Short Ends

“The short end of the stick” makes no sense. A stick could be “long” or “short,” but how can the end of a stick be one or the other? And if an end did have a length, wouldn’t it be the length of the stick, making both ends the same length—so that you couldn’t tell them apart based on length?

More importantly, how did I go this long using the phrase without pausing to wonder at its incoherence?

(1) After you break it in the tussle over who should have it, there’s a long end and a short end. And the loser is the guy with the short end.

(2) Imagine a stick off-center on a balance, like a badly designed see-saw. The one on the long end enjoys more leverage and finds moving it easy; the one on the short end has a lousy deal.

Of course, there’s scholarship on this issue.

Google reveals more:

  1. Wikipedia:

    The split tally is a technique which became common in medieval Europe which was constantly short of money (coins) and predominantly illiterate in order to record bilateral exchange and debts. A stick (squared Hazelwood sticks were most common) was marked with a system of notches and then split lengthwise. This way both of the two halves record the same notches and each party to the transaction received one half of the marked stick as proof. Later this technique was refined in various ways and became virtually tamper proof. One of the refinements was to make the two halves of the stick of different lengths. The longer part was called stock and was given to the party which had advanced money or (other items) to the receiver. Hence the word stockholder. The debtor, on the other hand, “got the short end of the stick”. Thus, this modern expression for being the loser in any transaction.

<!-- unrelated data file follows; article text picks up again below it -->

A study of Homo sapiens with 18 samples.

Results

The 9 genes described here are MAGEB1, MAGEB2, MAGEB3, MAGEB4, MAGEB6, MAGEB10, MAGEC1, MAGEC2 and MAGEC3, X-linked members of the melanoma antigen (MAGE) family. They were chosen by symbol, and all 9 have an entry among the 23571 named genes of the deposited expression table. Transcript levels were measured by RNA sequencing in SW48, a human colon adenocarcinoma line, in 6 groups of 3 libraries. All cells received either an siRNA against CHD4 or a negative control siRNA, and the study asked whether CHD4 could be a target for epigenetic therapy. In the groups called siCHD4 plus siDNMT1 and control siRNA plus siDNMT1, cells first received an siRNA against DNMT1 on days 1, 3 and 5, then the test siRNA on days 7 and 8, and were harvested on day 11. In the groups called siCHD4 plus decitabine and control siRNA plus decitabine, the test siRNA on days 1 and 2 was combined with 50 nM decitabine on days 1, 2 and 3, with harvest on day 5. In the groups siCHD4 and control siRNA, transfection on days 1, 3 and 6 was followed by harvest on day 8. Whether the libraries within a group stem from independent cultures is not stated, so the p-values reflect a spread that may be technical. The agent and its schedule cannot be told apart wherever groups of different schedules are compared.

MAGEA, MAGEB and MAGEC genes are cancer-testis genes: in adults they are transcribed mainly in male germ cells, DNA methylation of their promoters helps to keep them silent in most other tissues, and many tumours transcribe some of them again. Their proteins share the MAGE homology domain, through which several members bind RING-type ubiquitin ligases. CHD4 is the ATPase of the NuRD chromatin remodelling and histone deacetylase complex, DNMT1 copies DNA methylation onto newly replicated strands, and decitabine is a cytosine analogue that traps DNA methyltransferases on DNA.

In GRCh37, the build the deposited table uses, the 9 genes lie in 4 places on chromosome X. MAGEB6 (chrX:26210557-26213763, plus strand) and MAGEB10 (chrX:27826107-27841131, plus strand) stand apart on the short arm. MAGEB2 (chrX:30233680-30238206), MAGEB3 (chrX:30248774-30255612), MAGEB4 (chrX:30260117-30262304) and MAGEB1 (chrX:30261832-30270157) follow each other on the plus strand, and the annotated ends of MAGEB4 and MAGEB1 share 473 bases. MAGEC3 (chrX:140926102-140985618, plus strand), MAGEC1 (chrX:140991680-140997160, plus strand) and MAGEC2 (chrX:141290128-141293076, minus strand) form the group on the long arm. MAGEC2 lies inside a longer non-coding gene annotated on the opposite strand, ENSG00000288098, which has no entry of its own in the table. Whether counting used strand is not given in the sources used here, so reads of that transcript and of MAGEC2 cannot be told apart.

2. Two somewhat plausible explanations:

    Candles were expensive to make, so often reeds were dipped in tallow and burned instead. When visitors came, it was the custom for guests to make their exit by the time the lights went out. Therefore, if your host didn’t want you to stay very long, he would give you a “short stick.”

    In the days of outhouses, often there were outhouses with multiple “holes” so that more than one person could relieve him(her)self at a time. Before the time of toilet paper, Sears catalogs and corn cobs, a stick shaped like a shoe horn was used for “hygienic cleaning.” It was rather a short spatula device with a longer handle. Well, if one person was done, he could request that the person using the adjoining hole pass the stick. Of course the person with the stick would pass it holding onto the other person by holding the long end of the stick. The recipient would therefore receive it holding the “short end of the stick.”

  3. The worst explanation(s) I found. I won’t dignify it with a quotation.

Wow. Thanks Steven. That’s very informative.

I was thinking perhaps a “drumstick”/wishbone explanation. But after reading Steven’s explanation, I am afraid it has no historical support. This is, however, a possible etymology for a lucky break (PDF link).